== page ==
The executive branch and the House of Representatives squared off in federal court Thursday in two separate cases concerning whether former White House officials can be forced to testify before congressional committees amid the Trump impeachment inquiry.
Meghan Barbaro, an attorney for the Democrats on the House Judiciary Committee, argued in court that the committee needs testimony from former White House Counsel Don McGahn because he was witness to some of the key events in Special Counsel Robert Mueller’s report.
Those events, according to Barbaro, include President Trump “trying to shut down the FBI Russia investigation,” as well as the firing of former FBI Director James Comey and the pressuring of former Attorney General Sessions not recuse himself from the Russia investigation.
“This is a deprivation of info which the committee and the House are entitled to,” Barbaro said. “The committee wants him as a live witness to test his credibility and judge for themselves, which is what the constitution provides, especially during an impeachment investigation.”
Department of Justice lawyer James Burnham, representing the White House, countered: “I’m making the argument that the Constitution does not allow this – does not allow branches of government to sue each other.”
Burnham also accused lawmakers of lacking the political fortitude to solve the problem on their own.
“They don’t have the political will to do it. If the House doesn’t care enough to use the political powers it has, it just runs to the court,” he said.
U.S. District Judge Ketanji Brown Jackson challenged Burnham’s assertion that she may not have any jurisdiction over a case like this.
Jackson asked how the House committee could execute its oversight without the ability to get the information they need. She also seemed to swat away the White House argument that there was no real precedent for something like this.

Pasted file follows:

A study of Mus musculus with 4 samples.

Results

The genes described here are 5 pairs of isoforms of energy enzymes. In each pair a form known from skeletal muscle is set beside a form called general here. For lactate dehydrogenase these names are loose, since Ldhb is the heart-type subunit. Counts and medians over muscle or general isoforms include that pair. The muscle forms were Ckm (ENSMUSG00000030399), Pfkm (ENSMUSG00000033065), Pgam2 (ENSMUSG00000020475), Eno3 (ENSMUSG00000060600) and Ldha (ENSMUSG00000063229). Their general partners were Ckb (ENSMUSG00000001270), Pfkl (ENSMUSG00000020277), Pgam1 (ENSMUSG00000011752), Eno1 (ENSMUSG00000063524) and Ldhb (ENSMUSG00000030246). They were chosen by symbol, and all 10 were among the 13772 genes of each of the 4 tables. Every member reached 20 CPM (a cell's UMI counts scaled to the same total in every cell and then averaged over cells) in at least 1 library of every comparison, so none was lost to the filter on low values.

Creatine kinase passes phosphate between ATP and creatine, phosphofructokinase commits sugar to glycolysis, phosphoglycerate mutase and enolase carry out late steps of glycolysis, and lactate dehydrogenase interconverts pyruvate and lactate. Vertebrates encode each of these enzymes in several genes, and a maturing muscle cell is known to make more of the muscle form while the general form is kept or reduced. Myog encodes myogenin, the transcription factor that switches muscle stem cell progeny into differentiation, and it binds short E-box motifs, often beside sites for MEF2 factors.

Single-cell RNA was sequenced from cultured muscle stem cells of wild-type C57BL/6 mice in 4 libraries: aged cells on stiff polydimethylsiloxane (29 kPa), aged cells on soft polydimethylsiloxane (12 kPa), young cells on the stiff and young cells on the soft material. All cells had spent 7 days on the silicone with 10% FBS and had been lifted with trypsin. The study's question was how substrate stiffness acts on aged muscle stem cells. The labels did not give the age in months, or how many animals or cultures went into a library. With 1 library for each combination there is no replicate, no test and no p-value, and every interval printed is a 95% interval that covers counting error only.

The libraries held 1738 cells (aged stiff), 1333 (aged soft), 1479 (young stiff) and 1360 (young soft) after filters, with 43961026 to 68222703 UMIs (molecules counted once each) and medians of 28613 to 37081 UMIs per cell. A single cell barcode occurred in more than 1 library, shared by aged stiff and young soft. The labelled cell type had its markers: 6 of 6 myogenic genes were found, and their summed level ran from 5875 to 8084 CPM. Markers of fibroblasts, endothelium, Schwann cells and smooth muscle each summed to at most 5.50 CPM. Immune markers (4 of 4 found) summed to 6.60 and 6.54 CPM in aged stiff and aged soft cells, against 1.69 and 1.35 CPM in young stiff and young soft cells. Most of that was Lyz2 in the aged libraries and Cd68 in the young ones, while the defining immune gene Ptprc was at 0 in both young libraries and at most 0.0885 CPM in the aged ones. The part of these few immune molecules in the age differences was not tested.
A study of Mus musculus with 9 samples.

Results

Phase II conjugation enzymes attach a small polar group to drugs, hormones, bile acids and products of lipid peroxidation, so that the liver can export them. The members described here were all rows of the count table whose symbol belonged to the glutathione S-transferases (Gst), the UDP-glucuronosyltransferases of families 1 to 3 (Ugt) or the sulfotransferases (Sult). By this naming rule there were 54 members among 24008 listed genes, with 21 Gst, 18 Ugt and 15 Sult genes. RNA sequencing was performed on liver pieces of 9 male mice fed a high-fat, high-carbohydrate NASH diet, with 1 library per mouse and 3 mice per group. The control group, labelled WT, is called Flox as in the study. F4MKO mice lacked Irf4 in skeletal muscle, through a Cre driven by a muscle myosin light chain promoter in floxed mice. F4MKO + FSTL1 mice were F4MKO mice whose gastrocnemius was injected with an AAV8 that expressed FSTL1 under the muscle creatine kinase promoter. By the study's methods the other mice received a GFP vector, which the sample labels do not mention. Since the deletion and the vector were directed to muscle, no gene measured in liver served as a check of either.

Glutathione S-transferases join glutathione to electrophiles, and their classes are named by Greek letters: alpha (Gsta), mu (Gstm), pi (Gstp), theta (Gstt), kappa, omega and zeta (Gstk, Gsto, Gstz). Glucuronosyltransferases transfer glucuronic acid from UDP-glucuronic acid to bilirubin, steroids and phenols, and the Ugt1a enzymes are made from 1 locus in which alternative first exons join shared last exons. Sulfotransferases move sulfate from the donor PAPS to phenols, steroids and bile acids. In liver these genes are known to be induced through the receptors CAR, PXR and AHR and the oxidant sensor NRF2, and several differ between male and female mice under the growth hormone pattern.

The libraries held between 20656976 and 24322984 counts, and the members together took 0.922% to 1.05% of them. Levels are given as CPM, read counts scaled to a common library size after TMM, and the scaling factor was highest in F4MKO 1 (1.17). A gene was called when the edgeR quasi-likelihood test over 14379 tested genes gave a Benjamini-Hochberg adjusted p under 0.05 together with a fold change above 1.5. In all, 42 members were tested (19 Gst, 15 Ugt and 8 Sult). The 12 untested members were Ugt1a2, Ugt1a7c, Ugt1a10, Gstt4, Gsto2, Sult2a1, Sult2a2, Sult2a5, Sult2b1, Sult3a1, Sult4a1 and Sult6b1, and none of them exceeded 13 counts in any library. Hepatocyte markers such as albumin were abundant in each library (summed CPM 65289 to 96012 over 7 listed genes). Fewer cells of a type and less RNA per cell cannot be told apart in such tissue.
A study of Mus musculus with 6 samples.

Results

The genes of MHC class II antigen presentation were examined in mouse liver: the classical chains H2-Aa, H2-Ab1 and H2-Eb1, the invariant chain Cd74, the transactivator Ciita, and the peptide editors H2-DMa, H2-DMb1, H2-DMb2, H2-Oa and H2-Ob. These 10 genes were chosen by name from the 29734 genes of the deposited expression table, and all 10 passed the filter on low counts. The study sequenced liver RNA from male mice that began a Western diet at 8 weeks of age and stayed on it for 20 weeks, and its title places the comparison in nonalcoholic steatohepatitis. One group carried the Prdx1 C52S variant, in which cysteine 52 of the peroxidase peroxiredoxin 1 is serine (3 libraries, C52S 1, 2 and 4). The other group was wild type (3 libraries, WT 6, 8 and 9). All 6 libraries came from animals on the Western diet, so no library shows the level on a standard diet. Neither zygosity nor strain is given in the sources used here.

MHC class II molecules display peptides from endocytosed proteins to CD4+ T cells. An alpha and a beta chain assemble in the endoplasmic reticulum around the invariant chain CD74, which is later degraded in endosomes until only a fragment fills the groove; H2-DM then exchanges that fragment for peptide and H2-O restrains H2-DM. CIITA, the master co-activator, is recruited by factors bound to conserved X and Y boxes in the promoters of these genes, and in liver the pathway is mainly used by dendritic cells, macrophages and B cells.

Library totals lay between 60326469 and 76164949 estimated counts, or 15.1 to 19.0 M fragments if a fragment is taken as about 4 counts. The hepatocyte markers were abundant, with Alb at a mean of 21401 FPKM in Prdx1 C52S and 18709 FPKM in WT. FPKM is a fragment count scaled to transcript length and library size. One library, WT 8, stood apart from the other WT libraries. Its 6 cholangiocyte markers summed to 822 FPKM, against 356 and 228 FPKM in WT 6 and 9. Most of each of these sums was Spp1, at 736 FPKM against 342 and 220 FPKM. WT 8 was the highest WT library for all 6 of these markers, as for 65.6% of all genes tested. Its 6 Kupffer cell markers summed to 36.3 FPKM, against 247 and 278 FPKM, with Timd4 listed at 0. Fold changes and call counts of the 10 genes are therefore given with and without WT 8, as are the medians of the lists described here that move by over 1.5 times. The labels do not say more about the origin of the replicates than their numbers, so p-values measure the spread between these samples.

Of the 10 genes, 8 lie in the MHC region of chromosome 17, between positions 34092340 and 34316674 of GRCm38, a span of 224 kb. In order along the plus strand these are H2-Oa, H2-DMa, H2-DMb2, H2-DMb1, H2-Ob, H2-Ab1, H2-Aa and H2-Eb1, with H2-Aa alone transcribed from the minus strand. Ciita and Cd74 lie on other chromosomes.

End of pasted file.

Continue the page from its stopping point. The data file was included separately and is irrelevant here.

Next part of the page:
“Just because it’s never happened before, that’s not enough,” said Jackson.
It’s unclear when Jackson will make a ruling on the merits of the case and the path forward.
Meanwhile, in a separate case argued just down the hall, attorneys representing Trump, the House of Representatives and former White House deputy national security adviser Charles Kupperman fought it out as Democrats on the Hill push for his testimony in the impeachment inquiry.
Charles Cooper, representing Kupperman, told U.S. District Judge Richard Leon that his client is “in a classic catch-22 … We have no dog in this fight.”
Cooper explained that Kupperman has received subpoenas from House committees demanding he testify, but has also received instructions not to testify from the White House under a claim of “Absolute testimonial immunity.”
Cooper urged Leon to make a decision as to what Kupperman should do. “Dr. Kupperman is indifferent to the outcome. He just wants to uphold his oath to the Constitution,” Cooper said.
Leon set what he called an “aggressive” schedule to resolve the case, with briefs due from all sides in the coming weeks and oral arguments tentatively set to begin on Dec. 10th.
Department of Justice lawyer Elizabeth Shapiro asked for more time to file briefs but Leon was unsympathetic.
“When it’s a matter of this consequence to the country, you roll up your sleeves and get the job done,” Leon said. “Vacations and other distractions take second place … The government has resources, if you can’t get it done, your colleagues can.”